Andrea Mrozek

Andrea Mrozek

“I am busy with other things, mainly running the household for me and my 90-year-old sister plus a young working man who came to stay three years ago and doesn't look like leaving any time soon,” a friend wrote me recently. I had asked about her retirement and she said she wanted to find time to write. Before retirement, she had been a journalist. 

How big a role do women’s fears about losing their identity play in low fertility rates? 

Louise Perry, author of The Case Against the Sexual Revolution and host of the excellent Maiden, Mother, Matriarch podcast, raised the question on a recent episode. Hearing women on TikTok and other social media talk about the issue of identity as a barrier to motherhood, she said, “I don’t get it. I can’t interpret what it means.” 

Growing up, my Aunt Louise was at our house for every major holiday. My sister and I slept over at her house when my parents were moving. To this day I get nostalgic about Dr. Pepper for the simple reason that she let me drink it.

On International Women’s Day, The Globe and Mail published a lengthy article about the difficulties millennial mothers face. An article released later in March also discusses “the motherhood penalty and its impact on Canadian women in the workplace.” Both are effectively summarized by this quote: “The world isn’t set up to support young mothers at work.”

“Is Toronto finally shaking off the sexual stigma of polyamory?” reads the recent headline in the Toronto Star. News outlets have been peddling polyamory apologetics after a middle-aged woman released a book about her life-changing adventures pursuing polyamory in January 2024.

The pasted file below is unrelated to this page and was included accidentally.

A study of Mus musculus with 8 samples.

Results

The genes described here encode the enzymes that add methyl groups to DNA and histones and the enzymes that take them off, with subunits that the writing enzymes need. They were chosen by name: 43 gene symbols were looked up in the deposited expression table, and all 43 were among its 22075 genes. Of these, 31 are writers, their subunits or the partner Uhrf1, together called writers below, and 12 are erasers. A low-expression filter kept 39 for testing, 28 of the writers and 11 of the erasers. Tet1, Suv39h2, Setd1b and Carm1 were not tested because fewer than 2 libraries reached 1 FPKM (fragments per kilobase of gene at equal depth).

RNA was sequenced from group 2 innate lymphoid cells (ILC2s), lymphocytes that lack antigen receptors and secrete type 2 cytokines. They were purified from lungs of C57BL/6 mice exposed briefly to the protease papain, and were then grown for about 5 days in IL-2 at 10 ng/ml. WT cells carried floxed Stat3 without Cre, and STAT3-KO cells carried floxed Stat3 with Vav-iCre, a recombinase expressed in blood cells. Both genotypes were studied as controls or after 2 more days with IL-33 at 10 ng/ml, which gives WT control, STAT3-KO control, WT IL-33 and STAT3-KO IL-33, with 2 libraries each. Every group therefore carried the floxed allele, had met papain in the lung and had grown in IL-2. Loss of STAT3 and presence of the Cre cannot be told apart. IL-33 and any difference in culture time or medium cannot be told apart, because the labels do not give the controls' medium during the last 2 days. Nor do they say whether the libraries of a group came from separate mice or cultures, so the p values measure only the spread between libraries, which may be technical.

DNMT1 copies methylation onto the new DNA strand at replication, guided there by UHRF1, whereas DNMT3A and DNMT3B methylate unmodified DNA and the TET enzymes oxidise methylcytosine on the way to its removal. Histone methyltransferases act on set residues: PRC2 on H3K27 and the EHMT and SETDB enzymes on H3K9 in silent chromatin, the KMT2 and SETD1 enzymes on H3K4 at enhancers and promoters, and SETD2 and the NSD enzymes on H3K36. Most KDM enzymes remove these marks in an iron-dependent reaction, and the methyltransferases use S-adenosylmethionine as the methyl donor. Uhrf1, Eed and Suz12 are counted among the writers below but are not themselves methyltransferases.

Saying the family is the basic building block of society was once a “motherhood and apple pie” sentiment. Motherhood and apple pie, being, of course, a cliché alluding to all that is both normal and good. We need a new cliché. Today motherhood itself is no longer “motherhood and apple pie.” 

Like the first baby born after midnight in the new year, the second day in 2024 marked the arrival of the first Globe and Mail editorial about child care.

It’s Advent — that special time of year when sleighbells ring, chestnuts roast and Christians of different persuasions argue about when to begin celebrating Christmas. Many Catholics adhere to the idea that one ought not decorate or sing Christmas carols before the Christmas liturgical season begins on Dec. 24. There’s only one problem with this: it presumes we ever stopped.

Does liberalism get the big questions right? The question was the subject of a Munk Debate on the evening of Nov. 3 in Toronto.

My short answer is yes. Better put, it gets more things right than competing philosophies. Capitalism, it has been said, is the worst economic system except for all the others. Liberalism is a better solution for our common lives than socialism or communism. Yet at the end of the night, the winning side of the debate were those who were opposed. How have we arrived at a point where so many appear to be questioning liberalism?

Some years ago Brad Wilcox, the University of Virginia sociologist, gave a conference presentation  about how mothers differ from fathers. The feedback forms revealed a portion of the audience thought the presentation was so self-evident as to be unnecessary. On the other side, a significant number were offended by the concept of sex differences in parenting.